The outpouring of grief following his departure represents global recognition of the cover provided by Peres.

Ran Greenstein
3 October 2016

To understand that, let us think of the late Peres (from the early-1990s onwards) as operating in a new mode of control, seeking a transition from a strategy of domination to a strategy of hegemony. What does this mean? Domination is the maintenance of control through the use of force, or the threat of such use. Hegemony is an attempt to maintain control through generating consent. How do rulers gain the consent of the governed? Not by repression, manipulation or brain-washing only or primarily, but through making some concessions (partly symbolic, partly material), co-opting elites, incorporating popular elements into the structure of power in a subordinate position.

For consent to become a real possibility, it must include willingness on the part of rulers to go some way towards meeting the concerns of those over whom they exercise control.

Historically, the move from direct colonial domination to neo-colonial rule in the aftermath of the Second World War represented such a transition. So did the formation of the European welfare state. Later on in South Africa, the demise of political apartheid, which has gone along largely with the retention of social or class apartheid, can be seen as a move in that direction. 

Using this analytical framework, the Oslo process can be seen as a quest for a hegemonic solution for the Israeli-Palestinian conflict. It allowed Israel to retain overall supremacy but made limited though real symbolic and material concessions to the Palestinian national cause. Initially, it left several options open – that is, it was not doomed to failure from the start even if that was the eventual outcome – but those options closed off fairly quickly with the rise of Hamas, the assassination of Rabin and an Israeli mental retreat into the security ‘laager’: a return to the military domination paradigm which uses force as the primary, perhaps the preferred, mechanism of control. A hegemonic solution … initially left several options open – that is, it was not doomed to failure from the start.

Why did that happen? Two factors, reinforcing one another, can provide an explanation: 

(1)  The concessions required for a hegemonic solution proved too much for the messianic religious-nationalist Israeli right wing, a minority that was strong enough to block further progress, and

(2)  The concessions offered by Israel proved too little for radical Palestinian nationalists, also a minority that was strong enough to block or at least delay further progress.

This combination created a deadlocked situation, which needed to be broken if the process was to move forward. A decisive move against settlers and their supporters in the aftermath of the Goldstein massacre in Hebron early in 1994, or after Rabin's assassination late in 1995, could have shifted that balance. But both Rabin (in 1994) and Peres (in 1995-96) recoiled from taking such a step. Thus, they destroyed the chances of a hegemonic outcome and laid the ground for a return to domination. Why did they fail to proceed differently?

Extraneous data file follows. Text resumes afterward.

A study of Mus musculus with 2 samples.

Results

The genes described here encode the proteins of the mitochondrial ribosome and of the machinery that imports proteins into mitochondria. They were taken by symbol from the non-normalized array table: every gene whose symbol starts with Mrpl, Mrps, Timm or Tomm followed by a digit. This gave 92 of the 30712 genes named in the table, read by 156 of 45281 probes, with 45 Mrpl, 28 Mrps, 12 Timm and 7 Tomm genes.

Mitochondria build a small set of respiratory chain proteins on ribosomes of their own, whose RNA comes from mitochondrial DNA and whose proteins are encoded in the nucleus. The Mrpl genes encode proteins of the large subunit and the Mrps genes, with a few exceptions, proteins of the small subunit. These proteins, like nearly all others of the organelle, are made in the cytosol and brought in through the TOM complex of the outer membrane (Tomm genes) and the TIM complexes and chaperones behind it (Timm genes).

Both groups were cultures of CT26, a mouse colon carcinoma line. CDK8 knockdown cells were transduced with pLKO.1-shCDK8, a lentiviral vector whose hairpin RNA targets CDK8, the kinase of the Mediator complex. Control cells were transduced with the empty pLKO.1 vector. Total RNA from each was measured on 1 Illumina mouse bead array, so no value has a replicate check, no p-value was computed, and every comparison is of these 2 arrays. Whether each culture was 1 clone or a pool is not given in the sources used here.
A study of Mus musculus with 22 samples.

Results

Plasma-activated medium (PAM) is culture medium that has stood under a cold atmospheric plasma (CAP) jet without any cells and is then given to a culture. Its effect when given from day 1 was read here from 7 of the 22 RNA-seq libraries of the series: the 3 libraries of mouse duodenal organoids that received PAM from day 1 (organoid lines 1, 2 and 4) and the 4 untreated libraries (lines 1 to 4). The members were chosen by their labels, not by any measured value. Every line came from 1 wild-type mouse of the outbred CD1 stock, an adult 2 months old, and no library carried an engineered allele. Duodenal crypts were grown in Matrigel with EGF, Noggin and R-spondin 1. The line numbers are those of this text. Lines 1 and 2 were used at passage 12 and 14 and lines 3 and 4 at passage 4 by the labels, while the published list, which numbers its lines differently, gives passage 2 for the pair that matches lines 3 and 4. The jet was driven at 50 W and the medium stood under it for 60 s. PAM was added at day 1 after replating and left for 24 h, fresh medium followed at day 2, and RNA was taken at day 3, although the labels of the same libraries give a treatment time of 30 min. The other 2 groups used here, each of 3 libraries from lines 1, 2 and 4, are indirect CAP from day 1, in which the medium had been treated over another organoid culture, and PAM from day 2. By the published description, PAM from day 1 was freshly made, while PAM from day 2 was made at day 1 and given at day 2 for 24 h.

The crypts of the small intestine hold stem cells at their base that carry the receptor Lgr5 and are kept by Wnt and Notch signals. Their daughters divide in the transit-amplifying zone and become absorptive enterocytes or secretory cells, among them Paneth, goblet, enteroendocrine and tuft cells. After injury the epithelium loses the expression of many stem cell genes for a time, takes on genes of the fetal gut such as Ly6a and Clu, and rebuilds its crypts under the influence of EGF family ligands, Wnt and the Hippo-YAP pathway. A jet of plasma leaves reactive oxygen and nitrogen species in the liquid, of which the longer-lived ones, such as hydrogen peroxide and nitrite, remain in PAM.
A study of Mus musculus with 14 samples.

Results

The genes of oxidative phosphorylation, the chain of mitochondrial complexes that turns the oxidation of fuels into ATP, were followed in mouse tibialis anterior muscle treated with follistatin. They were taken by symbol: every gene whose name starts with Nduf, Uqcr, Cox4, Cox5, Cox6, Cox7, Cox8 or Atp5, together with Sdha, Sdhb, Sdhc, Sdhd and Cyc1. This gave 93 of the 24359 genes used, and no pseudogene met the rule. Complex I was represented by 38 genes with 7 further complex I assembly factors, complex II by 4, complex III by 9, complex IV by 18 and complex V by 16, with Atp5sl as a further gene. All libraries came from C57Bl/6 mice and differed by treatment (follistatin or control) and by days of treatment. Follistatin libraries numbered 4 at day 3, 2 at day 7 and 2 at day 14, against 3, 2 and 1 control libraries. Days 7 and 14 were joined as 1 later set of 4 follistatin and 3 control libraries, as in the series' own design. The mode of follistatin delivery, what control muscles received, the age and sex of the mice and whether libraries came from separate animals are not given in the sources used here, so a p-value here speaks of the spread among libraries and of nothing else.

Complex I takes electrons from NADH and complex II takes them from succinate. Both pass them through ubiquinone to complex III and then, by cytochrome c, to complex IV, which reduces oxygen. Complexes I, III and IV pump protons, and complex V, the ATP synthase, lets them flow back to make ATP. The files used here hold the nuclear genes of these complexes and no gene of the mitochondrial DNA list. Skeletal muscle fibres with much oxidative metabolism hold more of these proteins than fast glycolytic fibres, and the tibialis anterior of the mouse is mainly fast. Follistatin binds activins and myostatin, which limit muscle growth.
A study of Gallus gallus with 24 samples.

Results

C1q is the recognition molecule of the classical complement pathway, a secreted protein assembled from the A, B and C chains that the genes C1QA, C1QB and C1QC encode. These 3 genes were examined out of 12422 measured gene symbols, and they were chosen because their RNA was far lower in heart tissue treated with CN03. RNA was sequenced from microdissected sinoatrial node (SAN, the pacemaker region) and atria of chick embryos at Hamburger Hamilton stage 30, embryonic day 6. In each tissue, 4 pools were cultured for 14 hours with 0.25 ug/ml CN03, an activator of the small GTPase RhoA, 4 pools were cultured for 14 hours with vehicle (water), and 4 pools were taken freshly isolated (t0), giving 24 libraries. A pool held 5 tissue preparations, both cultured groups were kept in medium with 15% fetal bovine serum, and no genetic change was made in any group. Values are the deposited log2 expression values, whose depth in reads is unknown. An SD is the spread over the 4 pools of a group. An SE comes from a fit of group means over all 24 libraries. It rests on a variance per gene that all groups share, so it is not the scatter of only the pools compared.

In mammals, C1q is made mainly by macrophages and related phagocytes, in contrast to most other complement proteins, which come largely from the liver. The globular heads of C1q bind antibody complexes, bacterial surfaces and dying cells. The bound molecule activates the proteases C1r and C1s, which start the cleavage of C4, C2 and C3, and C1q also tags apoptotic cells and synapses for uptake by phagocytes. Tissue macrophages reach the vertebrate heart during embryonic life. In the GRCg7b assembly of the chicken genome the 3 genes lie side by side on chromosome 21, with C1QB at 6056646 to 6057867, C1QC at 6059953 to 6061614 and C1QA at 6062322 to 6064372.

Faced with the choice between the prospect of a certain and irrevocable rift within Israeli society if they moved against settlers, and uncertain historical re-alignment with the mainstream Palestinian forces as the potential reward, they fell back onto the safe and familiar ground of resort to the use of force.

Although they did retain the discourse of reconciliation, peace and compromise, it was emptied of substantive content. Continued negotiations while settlements remained in place and settlers remained armed, funded and protected (legally and militarily) by the state, was a clear indication that Israeli leadership was not ready to do what was necessary to break the deadlock. Internal Jewish unity was seen as more important than reaching agreement with the Palestinian leadership. Internal Jewish unity was seen as more important than reaching agreement with the Palestinian leadership.

If that was the case when Peres was still in power, the prospect of hegemony became even more remote during the subsequent reign of Netanyahu. Ehud Barak during his brief interlude in power (1999-2001), fell prey to the same dynamics that deterred Rabin and Peres: unwillingness to make decisive moves that might have jeopardised internal Jewish unity. Whatever concessions he was willing to make were never enough to satisfy the minimum demands of the Palestinian national movement. When he was replaced by Sharon, even that limited prospect of a hegemonic solution was laid to rest.

The Peres project continued through his relentless personal efforts, but it was running on empty, going nowhere and increasingly serving only as a fig leaf for ongoing and even reinforced Israeli domination. Paradoxically, the more celebrated Peres became and the more support his vision gained overseas, the less influential it became within the Israeli-Jewish public. The outpouring of grief following his departure, represents global recognition that without the cover provided by Peres (and a few intellectuals operating in a similar vein, like Amos Oz), all we are left with is unmasked Israeli domination, with little chance of being overturned from within.